The cleanup of Waukegan Harbor in Illinois would increase local property values by a projected $800 million, signal the city's transition from the waning Industrial Era to the emerging Digital Age, and set the stage for a new century of prosperity in Waukegan, where the per capita annual income is just over $17,000 and 14 percent of the population is below the poverty line.
But state and federal officials seem determined to bungle the $36 million deal, which would remove from the harbor bottom more than a quarter million cubic yards of sediment laced with PCB, a nasty little persistent pollutant that's linked to human health problems like cancer.
Local leaders appear to be on their game. In 2003 they adopted A 21st Century Vision for Waukegan's Lakefront and Downtown. The overarching goal is to bring new residential, commercial, and recreational opportunities to the Lake Michigan waterfront. The plan has received national attention and recently won the Daniel Burnham Award for excellence in planning.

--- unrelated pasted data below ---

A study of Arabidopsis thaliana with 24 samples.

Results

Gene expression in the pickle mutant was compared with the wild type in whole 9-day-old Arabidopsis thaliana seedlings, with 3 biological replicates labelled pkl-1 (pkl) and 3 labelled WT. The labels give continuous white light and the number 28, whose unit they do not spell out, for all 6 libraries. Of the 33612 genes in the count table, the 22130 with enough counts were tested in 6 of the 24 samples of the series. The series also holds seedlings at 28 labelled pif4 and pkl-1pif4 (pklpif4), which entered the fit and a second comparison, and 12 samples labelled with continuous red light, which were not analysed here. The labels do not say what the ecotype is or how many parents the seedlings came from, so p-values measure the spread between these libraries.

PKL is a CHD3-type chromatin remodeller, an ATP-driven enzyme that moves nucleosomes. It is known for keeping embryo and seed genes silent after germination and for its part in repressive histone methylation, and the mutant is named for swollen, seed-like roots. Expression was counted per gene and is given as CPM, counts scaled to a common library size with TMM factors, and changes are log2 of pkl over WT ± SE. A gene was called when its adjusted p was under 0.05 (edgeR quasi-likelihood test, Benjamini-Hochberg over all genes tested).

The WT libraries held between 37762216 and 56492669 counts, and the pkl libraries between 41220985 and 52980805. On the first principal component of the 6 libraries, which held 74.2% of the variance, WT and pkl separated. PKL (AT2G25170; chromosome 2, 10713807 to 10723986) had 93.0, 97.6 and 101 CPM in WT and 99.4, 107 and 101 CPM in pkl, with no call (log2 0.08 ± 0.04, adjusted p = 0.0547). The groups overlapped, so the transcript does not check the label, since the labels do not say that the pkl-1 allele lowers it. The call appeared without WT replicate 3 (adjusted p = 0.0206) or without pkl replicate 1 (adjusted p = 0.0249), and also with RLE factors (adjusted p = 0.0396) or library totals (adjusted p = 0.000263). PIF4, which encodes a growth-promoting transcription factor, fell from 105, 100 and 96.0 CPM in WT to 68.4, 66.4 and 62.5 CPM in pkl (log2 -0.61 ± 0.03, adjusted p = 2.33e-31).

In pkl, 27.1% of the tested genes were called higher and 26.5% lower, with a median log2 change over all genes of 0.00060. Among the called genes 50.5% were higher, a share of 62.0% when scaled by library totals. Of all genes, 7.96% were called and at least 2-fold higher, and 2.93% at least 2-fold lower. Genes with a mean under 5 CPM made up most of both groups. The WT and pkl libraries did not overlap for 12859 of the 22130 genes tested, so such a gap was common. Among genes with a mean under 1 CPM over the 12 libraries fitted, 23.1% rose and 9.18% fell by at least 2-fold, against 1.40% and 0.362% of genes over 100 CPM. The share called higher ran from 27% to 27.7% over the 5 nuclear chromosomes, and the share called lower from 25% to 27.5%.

But designing a waterfront where people want to live, shop, and play in many ways means minimizing industry and all its related consequences to the local environmental and aestethic value. And that, apparently is something the federal government won't stand for.
The United States Environmental Protection Agency earlier today withdrew its support for the harbor cleanup - and the $23+ million in federal funding to execute it - because local leaders in Waukegan want to ban future industrial uses on the waterfront after the project is complete. Instead of barge traffic they want to promote recreational boating and other activities that elevate the region's overall quality of life.
The move comes just five months after state government nearly killed the cleanup over a budget balancing fiasco.
City leaders now are pushing to decertify the harbor for industrial use, according to a report in today's Lake County News-Sun. But the fiasco is the latest example of state and federal leaders' inability to grapple with the basic elements of a modern development strategy for the greater Great Lakes region.
As the local leaders in Waukegan strive to organize future growth around new residences and public recreational opportunities on a vibrant waterfront, the feds are, in effect, arguing for cement factories and drywall manufacturers.
To be certain, the region needs these important industries. But it's not 1950 anymore. They are no longer the highest and best use for a globally unique lakeshore.